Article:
Thus far in 2021, Hong Kong IPOs have raised US$35.6 billion, No. 3 globally behind Nasdaq's US$60.9 billion and NYSE’s US$43.7 billion, according to Refinitiv. However, since early September there has been just one listing, compared to 14 in September 2020.
To be sure, Beijing’s crackdown on Chinese tech companies has affected HKEX, with firms like JD Digits, the digital finance arm of JD.com, putting their planned Hong Kong IPOs indefinitely on ice. Big-ticket fintech IPOs in Hong Kong are unlikely anytime soon as the regulatory situation with regards to fintechs remains mercurial.
A case in point: Chinese regulators reportedly intend to break up Alipay and force the fintech juggernaut to create a separate app for its lucrative lending business. Under this scenario, Ant would no longer be able to independently crunch user data to make decisions about the creditworthiness of loan applicants. Instead, a new joint-venture credit-scoring company would handle that task. Without being able to use its own data to make lending decisions, Ant could see its profit margins fall, potentially affecting its future valuation and IPO prospects.
Yet the Chinese market is so vast that there are bound to be plenty of other companies unaffected by current political and regulatory headwinds that are keen to go public in Hong Kong. According to The South China Morning Post, Tencent-backed Ximalaya (China's biggest podcasting platform) and Shanghai’s Xintiandi, the commercial property assets of tycoon Vincent Lo Hong sui's Shui On Land, are among about a dozen firms that have filed to go public in the former British Crown Colony since early September. In August, SenseTime Group, China’s largest AI company, and 58 Freight, the operator of Hong Kong's GoGoX, filed.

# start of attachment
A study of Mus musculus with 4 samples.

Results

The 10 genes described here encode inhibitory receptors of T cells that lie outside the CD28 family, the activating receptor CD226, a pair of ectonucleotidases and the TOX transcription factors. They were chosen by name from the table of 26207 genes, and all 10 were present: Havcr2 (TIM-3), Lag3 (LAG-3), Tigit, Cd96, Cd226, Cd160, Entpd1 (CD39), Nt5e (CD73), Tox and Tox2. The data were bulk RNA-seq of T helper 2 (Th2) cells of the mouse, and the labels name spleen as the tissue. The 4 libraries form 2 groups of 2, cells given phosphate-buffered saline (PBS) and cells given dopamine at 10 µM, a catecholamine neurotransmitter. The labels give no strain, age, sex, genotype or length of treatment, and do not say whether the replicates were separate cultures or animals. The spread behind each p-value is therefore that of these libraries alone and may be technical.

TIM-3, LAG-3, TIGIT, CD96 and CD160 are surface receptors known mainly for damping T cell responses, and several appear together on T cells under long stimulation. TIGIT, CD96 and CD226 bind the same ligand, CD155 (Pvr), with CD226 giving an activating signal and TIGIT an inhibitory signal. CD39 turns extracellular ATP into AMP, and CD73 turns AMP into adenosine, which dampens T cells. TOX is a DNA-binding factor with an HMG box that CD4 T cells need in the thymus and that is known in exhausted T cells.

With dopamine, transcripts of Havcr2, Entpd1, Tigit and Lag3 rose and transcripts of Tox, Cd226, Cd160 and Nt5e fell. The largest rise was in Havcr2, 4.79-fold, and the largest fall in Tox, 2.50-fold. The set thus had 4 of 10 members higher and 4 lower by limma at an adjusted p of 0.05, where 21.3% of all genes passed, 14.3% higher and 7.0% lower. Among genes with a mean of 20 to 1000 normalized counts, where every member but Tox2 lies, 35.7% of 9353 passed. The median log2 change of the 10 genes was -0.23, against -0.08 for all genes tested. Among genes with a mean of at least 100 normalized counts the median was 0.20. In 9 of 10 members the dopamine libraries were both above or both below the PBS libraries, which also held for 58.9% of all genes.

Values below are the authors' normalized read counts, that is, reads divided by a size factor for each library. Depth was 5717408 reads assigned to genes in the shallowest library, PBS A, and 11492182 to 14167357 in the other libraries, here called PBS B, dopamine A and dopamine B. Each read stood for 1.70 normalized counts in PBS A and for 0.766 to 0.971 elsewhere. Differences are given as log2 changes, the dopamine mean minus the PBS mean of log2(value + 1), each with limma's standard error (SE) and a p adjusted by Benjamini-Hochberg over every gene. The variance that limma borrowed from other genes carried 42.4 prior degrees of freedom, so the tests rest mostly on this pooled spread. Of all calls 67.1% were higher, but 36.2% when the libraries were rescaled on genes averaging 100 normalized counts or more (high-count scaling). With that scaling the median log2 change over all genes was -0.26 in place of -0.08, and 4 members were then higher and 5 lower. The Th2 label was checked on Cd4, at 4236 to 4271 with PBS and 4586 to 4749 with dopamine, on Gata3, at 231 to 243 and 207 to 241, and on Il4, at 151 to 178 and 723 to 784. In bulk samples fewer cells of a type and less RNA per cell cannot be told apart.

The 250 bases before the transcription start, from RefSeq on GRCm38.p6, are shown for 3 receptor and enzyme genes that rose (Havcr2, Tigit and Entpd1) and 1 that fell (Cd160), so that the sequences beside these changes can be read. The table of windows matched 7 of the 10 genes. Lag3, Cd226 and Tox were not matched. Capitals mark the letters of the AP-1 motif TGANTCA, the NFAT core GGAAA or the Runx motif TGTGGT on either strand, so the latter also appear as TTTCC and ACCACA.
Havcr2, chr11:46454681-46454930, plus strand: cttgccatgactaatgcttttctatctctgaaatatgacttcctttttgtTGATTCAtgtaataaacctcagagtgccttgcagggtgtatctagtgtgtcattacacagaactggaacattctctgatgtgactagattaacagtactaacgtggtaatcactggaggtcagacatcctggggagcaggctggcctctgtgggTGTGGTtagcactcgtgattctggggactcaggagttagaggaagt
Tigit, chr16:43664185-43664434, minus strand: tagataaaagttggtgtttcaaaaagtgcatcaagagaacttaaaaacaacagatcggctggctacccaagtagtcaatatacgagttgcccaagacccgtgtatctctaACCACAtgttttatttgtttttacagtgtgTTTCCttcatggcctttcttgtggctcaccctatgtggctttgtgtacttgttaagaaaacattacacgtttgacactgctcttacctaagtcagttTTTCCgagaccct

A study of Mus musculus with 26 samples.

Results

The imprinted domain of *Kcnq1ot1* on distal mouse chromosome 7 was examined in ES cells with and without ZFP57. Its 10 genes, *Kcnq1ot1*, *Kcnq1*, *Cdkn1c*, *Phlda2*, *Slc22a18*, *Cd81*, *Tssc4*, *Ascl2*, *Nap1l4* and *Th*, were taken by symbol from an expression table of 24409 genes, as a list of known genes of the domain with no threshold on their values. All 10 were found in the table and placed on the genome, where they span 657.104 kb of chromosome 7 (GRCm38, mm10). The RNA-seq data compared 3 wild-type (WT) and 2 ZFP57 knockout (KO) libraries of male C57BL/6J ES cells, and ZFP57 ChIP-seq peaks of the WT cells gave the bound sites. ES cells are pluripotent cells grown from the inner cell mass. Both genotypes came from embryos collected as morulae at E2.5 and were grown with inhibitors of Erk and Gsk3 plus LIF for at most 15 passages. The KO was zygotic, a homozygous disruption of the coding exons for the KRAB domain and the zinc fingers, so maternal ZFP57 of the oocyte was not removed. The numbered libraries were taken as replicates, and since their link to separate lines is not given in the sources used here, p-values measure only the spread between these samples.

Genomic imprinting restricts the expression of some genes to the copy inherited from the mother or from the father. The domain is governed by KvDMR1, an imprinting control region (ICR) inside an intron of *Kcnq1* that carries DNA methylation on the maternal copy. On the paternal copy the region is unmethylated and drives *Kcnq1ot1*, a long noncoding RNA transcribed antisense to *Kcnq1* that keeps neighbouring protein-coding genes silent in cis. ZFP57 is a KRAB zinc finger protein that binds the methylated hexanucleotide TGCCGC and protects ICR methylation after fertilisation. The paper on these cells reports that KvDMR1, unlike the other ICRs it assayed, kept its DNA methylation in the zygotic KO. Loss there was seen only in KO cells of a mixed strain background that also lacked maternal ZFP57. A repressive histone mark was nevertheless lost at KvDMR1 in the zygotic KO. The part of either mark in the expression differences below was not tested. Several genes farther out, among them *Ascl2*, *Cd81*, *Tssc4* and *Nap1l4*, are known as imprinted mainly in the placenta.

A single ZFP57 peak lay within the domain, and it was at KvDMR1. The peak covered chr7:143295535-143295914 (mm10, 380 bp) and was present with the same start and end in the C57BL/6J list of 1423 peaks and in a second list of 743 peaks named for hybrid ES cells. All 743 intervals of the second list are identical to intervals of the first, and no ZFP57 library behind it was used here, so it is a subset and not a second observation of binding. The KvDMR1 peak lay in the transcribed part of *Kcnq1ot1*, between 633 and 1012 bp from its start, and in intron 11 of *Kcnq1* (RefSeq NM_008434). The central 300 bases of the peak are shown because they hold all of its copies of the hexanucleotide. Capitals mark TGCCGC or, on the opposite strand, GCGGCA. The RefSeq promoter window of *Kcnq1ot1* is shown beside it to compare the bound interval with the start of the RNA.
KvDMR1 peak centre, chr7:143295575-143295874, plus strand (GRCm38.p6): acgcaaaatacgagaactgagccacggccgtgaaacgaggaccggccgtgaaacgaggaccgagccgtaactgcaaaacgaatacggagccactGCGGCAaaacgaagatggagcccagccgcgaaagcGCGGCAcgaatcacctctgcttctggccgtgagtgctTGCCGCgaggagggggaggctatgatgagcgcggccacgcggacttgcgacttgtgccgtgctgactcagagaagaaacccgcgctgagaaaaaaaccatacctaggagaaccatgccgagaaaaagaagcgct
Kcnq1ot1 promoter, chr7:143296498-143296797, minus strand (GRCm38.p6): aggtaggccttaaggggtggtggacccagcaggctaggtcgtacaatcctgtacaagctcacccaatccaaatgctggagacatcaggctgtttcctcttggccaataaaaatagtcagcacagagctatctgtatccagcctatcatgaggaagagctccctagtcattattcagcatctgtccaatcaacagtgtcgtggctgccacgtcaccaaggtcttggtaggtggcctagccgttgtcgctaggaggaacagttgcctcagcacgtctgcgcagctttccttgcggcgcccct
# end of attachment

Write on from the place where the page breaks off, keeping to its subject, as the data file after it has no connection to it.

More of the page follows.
An important deal to watch is the expected US$1.29 billion listing of Dongguan Rural Commercial Bank, China's No. 5 rural lender. That deal would be the first US$1 billion offering since electric vehicle maker Li Auto raised US$1.5 billion in early August.
Several makers of Chinese tea and bubble tea are reportedly planning to go public in Hong Kong in late 2021 or early 2022, such as Mixue Bingcheng, ChaBaiDao, Gu Ming and Lelecha. According to Bloomberg, Shenzhen-based tea chain Heytea, backed by Sequoia Capital China and Hillhouse Group, hired UBS for a potential US$500 million listing in Hong Kong.